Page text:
But going around pushing the button on your DSLR isn't practice, it's wasting time. You need engaging practice. And, sometimes, in some cases -- maybe like Rob C's -- you may have to decide to give it up. Just because you are a competent professional photographer is no reason to keep doing it, if you don't enjoy it or think it has little value.
I'm a professional novelist, but for twenty-five years or so, I was a professional journalist at The Miami Herald and at the St. Paul papers. As a reporter, I'd write every day; during a few years as an editor, I'd edit every day. When I was reporting, editors had no problem telling me when they didn't like something, either for the actual content or lack of it, or the way I expressed it. As an editor, I had no trouble telling reporters what I thought -- on a daily newspaper, there's just no time to fool around. I didn't know it, but what I was getting over all those years was a lot of practice in novel writing, which includes intense self-editing. I still had to learn some specific aspects of the novel-writing business, but the practice and daily life experience was just what I needed. In fact, it was absolutely critical. If you look at a lot of my peers in the thriller-wring business, you find that almost all of them have similar backgrounds.
I think perhaps if one wished to become a photographer/artist, a few years (but not too many) spent as a pro photographer would be pretty useful. "Creative" workshops are not so useful, I think, for a lot of reasons, but technical workshops are, if you need them. I took a technical workshop on lighting at Santa Fe Workshops and learned more in a week than I ever needed, and thoroughly enjoyed myself. But other than the occasional workshop, practice is the most critical thing -- but engaging practice, the kind that includes looking at your own work, and thinking seriously about it. You could go out and take a picture of a fire hydrant and learn something from it...or not. Taking a thousand shots and then desperately searching for a good one won't teach you much. Taking ten carefully considered shots, and then contemplating each of the prints could teach you quite a lot.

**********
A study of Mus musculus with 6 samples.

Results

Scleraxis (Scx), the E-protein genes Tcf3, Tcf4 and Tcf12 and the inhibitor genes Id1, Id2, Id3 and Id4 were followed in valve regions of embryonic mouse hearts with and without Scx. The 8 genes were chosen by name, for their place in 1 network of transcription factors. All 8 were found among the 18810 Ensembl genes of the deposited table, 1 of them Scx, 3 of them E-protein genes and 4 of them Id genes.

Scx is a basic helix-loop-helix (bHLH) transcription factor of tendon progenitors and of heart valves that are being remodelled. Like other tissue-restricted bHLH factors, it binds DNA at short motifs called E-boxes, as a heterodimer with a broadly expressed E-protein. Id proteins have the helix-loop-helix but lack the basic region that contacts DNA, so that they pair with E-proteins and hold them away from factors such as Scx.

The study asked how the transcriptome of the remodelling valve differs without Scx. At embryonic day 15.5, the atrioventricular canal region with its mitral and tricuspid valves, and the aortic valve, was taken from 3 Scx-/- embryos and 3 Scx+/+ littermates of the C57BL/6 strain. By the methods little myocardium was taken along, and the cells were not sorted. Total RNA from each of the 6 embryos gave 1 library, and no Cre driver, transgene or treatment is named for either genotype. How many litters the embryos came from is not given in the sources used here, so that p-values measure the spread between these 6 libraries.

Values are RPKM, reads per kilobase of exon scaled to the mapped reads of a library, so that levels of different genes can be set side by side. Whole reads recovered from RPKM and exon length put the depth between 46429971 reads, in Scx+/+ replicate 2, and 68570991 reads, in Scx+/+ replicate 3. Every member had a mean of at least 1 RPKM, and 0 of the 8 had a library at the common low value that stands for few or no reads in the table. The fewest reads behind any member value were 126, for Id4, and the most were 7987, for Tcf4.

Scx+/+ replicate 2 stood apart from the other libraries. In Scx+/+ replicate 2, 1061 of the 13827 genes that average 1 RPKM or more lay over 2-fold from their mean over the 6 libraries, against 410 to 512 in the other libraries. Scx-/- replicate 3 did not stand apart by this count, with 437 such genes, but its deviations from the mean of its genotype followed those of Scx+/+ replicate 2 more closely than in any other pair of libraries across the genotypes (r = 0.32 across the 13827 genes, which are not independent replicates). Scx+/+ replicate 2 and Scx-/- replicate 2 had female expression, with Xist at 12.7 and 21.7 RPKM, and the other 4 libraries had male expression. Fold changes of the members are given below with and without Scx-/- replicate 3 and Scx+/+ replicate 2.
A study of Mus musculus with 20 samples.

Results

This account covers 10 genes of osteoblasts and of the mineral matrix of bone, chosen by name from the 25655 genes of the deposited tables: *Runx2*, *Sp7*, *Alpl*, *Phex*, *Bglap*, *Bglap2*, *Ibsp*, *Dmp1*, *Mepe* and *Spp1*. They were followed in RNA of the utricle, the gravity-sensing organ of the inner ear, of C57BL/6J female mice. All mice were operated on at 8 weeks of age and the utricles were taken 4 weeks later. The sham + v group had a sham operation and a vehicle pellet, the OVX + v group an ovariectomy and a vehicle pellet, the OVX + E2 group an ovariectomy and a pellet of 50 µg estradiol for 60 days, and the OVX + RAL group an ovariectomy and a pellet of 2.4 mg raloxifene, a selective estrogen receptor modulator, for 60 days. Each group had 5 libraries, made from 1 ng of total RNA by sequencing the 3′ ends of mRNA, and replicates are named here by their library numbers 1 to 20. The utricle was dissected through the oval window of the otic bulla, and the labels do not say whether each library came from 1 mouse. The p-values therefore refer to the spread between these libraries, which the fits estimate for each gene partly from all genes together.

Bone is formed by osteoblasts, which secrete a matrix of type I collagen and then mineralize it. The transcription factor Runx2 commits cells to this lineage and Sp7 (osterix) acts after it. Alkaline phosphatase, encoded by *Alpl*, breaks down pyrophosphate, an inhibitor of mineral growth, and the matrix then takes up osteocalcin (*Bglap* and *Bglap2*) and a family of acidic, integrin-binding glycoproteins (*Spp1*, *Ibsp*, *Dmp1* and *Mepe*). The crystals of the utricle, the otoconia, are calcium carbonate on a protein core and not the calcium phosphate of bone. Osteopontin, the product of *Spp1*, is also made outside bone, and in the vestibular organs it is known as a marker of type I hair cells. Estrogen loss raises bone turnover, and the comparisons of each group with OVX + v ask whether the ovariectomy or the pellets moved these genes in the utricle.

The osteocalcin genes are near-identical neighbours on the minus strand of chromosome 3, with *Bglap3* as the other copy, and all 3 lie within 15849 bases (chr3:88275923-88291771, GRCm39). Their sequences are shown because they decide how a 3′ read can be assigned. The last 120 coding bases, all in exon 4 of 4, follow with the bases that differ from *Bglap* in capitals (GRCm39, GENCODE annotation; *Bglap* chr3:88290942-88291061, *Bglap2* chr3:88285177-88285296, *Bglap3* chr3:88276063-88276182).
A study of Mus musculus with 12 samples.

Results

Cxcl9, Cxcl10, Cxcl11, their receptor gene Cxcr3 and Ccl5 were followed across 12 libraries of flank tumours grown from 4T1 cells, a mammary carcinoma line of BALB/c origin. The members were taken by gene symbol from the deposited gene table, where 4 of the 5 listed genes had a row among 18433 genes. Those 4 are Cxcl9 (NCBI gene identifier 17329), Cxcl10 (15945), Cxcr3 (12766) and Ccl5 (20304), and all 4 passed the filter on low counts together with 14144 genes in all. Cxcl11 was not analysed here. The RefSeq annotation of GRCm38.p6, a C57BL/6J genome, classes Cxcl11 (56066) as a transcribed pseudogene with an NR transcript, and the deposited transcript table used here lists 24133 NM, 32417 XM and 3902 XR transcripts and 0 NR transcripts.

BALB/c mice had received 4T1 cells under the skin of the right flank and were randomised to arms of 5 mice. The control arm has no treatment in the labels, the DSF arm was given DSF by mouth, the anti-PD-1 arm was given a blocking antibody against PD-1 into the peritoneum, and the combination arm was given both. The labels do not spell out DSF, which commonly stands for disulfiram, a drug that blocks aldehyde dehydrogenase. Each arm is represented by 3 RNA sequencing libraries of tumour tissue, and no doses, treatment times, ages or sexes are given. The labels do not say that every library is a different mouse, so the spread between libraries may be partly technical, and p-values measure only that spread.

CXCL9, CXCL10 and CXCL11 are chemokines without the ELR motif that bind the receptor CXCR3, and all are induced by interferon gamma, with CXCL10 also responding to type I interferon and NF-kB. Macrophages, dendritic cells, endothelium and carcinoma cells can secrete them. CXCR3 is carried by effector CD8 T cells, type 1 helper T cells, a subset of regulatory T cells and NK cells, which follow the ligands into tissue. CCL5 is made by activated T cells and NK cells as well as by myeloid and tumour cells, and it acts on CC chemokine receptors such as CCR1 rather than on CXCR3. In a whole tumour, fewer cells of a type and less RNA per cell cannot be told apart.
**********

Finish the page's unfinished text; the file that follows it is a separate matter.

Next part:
It might even teach you that you're not interested in doing that, which is a great thing to learn, because you can move on to something else.
Edit: I just read over the other posts again, and think it's important to stress what Michael said in his last one. You do have to read and study. As a novelist, I picked out a book by one of my favorite writers, and tore it to pieces, and then tried to rewrite it, to understand how he'd done what he'd done, and why he'd done it. What I did was in no way publishable, but it was an invaluable experience: I began to see how pieces of the puzzle fit together, and to appreciate such things as rhythm. But if you really study the people you most admire, and think of how you can riff off them, you'll eventually find your own signature and will expand beyond what your models have done. The other thing is motivation. To become a serious artist, you really do have to be somewhat obsessed. Persistence is critical. If you're happy taking pictures of your family, or whatever, casually, that's just fine. But to become a serious, dedicated photographer, I think being a little nuts won't hurt. I don't particularly like saying this, because it sounds sycophantic, and Michael has enough people kissing his ass, but over all the years some of us have been on these forums, and all the posts we have done, we've seen at the top of the forum photo after photo by Michael, many of them extremely good. So he writes for the forum and does camera reviews and travels to Mexico, but every few days there's another pretty good photo up. Who else who is regularly on this forum does that?